Sewanhaka Central High School School District to require masks following Hochul’s mandate

Sewanhaka Central High School School District held a Board of Education meeting following Governor Kathy Hochul's mask mandate Tuesday. (Photo by Brandon Duffy)

The Sewanhaka Central High School School District Board of Education announced school reopening plans at a Board of Education meeting Tuesday night. The meeting came hours after Gov. Kathy Hochul instituted a mask mandate for all school districts in the state for the coming school year. 

The  reopening plan on the district website says, “We are required to follow all guidance from the New York State Department of Health and the New York State Education Department. At this time, this guidance mandates that we require our students to wear masks while inside the school building. Should revised guidance be released by these governing agencies, we will revise our plan.”

Staff and visitors will also be required to wear masks when classes begin Sept. 2.

Because the meeting was held after Hochul’s announcement on mask mandates, the school board had no other option but to follow suit. 

Part of the plan, sent to families in June, includes three feet of social distance where practical for indoor locations and normal transportation schedules with masks at all times for occupants. The district will not offer remote learning options, in accordance with guidance from the Centers for Disease Control and Prevention and the American Academy of Pediatrics. Sports will return to normal operations, with masks not required outside. 

The district said in the plan regarding remote learning, “While we are very proud of the job our faculty, staff, and students did to continue teaching and learning during our periods of remote and hybrid learning, there is no adequate substitute for in-person learning.”

Superintendent James Grossane said at the meeting that he has received emails from a few parents indicating their desire to home-school their children in lieu of the mandates.

Also addressed in the meeting were recaps on summer programs held in the district, a new website, and phone app and portals for students and parents for the coming school year. 

Hochul’s initiative was met with support by education associations. The School Administrators Association of New York State said in a statement Wednesday that it “was pleased that Governor Hochul’s priorities … include a focus on safely returning to in-person learning in New York State Schools.”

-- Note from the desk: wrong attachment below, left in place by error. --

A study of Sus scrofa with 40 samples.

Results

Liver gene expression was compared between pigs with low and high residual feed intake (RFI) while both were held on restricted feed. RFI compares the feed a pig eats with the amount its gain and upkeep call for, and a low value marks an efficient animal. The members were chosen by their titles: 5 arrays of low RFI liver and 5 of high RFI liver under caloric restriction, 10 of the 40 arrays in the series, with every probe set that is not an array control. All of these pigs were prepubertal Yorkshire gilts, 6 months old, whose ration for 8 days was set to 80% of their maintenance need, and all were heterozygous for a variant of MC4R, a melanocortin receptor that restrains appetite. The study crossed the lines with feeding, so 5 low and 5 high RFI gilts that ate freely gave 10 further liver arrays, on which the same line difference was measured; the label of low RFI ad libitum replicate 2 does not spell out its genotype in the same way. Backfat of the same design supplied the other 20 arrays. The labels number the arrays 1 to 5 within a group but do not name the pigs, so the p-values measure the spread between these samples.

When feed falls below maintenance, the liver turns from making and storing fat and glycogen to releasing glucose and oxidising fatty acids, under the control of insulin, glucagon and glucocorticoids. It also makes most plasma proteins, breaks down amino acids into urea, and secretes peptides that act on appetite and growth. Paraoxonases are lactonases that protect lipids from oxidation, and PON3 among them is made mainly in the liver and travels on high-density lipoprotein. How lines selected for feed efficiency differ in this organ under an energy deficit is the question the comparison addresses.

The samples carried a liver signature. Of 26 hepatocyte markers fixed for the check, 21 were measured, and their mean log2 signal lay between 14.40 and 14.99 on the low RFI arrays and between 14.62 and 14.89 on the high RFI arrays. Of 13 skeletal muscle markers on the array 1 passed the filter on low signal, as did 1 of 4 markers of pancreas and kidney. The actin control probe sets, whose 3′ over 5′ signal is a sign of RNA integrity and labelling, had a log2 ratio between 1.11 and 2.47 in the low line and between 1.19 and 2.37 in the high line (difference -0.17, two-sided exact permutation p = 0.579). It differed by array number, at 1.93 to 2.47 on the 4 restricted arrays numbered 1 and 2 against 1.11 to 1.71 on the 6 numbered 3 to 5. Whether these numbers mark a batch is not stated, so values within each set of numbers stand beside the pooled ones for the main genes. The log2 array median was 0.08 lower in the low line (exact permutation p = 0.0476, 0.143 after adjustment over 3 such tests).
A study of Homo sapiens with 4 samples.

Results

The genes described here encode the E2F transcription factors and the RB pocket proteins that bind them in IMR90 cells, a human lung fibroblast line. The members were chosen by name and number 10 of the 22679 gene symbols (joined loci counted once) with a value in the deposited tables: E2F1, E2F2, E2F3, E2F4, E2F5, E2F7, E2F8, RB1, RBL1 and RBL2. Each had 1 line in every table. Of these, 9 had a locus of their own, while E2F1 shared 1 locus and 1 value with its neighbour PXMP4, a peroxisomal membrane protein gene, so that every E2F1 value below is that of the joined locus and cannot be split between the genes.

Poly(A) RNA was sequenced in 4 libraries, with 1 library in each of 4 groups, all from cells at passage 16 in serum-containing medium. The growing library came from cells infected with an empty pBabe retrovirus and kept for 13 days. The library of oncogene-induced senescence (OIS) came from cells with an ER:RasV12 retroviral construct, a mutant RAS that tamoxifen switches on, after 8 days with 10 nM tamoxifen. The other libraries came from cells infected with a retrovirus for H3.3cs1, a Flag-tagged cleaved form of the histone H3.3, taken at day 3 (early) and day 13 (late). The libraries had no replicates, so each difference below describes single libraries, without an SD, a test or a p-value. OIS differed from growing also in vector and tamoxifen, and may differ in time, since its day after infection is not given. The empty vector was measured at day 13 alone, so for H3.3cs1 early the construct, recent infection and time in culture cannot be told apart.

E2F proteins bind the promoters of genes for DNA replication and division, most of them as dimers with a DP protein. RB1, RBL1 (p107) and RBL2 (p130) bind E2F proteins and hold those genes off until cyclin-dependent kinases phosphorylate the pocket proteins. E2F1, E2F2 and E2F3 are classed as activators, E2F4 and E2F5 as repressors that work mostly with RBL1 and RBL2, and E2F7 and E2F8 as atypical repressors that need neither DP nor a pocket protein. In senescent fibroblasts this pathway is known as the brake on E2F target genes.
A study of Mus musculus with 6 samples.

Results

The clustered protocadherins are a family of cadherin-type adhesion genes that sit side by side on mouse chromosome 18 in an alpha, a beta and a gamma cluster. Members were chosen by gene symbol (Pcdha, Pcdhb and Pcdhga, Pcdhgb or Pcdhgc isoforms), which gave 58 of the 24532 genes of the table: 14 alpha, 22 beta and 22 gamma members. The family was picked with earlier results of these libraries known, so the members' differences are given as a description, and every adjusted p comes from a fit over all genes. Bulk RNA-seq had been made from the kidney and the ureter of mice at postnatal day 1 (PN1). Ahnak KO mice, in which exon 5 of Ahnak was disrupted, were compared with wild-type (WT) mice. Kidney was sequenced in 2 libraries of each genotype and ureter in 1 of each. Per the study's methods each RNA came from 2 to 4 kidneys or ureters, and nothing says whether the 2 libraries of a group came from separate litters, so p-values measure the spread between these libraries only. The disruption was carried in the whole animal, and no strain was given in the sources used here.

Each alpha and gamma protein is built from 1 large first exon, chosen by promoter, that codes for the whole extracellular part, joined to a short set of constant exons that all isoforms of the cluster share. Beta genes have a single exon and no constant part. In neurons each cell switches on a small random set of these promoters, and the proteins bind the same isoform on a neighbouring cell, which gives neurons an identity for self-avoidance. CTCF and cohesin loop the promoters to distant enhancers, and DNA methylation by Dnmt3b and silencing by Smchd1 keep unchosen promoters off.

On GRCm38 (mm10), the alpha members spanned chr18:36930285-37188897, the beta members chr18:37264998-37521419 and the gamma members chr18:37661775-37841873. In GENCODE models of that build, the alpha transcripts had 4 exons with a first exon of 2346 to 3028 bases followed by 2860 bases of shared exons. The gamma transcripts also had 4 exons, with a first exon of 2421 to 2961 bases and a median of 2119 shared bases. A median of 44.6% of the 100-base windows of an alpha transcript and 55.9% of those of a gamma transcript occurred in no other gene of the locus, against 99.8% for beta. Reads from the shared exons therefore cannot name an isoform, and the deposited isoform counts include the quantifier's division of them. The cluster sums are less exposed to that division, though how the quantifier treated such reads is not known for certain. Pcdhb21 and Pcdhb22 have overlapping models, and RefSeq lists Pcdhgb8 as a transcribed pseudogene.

An intense public portion of the meeting was held where any questions about the mask mandate were limited due to the fact that it was issued by the governor, said Michael A. Jaime, president of the Elmont school district. 

Many people in the audience in the board room in Sewanhaka High School asked to give taxpayers more freedom. 

Public comments were mixed, with many parents wanting to be given the option to decide about masks and to have more control over their children. 

Resident Danny Santana walked to the podium with a stack of papers, stapled for anyone to grab, and said they contained mission statements from the district website as well as research he found downplaying the effectiveness of masks. 

“If you say you’re going to use science, then use the science,” Santana said. “You can take from me, I’m an adult. But if you go for my kids, I have to defend them.” 

Many remarks made by members of the public against the mask mandates were met with applause overheard from the cafeteria next door, attended by an overflow of residents. 

One resident questioned if more ventilation will be required, and if air conditioning would be installed in each classroom. Grossane said it would be considered but no imminent plans to increase air conditioning are in the works.

Steven Vitale, a district employee, said progress is being made, but masks are still remaining. 

“The plexiglass is down, capacity is back to full, and sports are back,” he said. “Why are the masks still here?”

The last comment of the board meeting, before 30 minutes for public comment ended, emphasized the role of trust during the health crisis. 

“We don’t have the ability to manage a school district based on trust. I can’t trust who’s vaccinated and who’s not,” an unnamed resident said. “Amidst this crisis, when the government made mask mandates, it made life easier.” 

About the author

Brandon Duffy

Brandon Duffy is a New Jersey-based reporter for The Island Now, a position he assumed in July of 2021. He covers news out of Floral Park, New Hyde Park, the Willistons and Mineola, previously reporting on business and elections.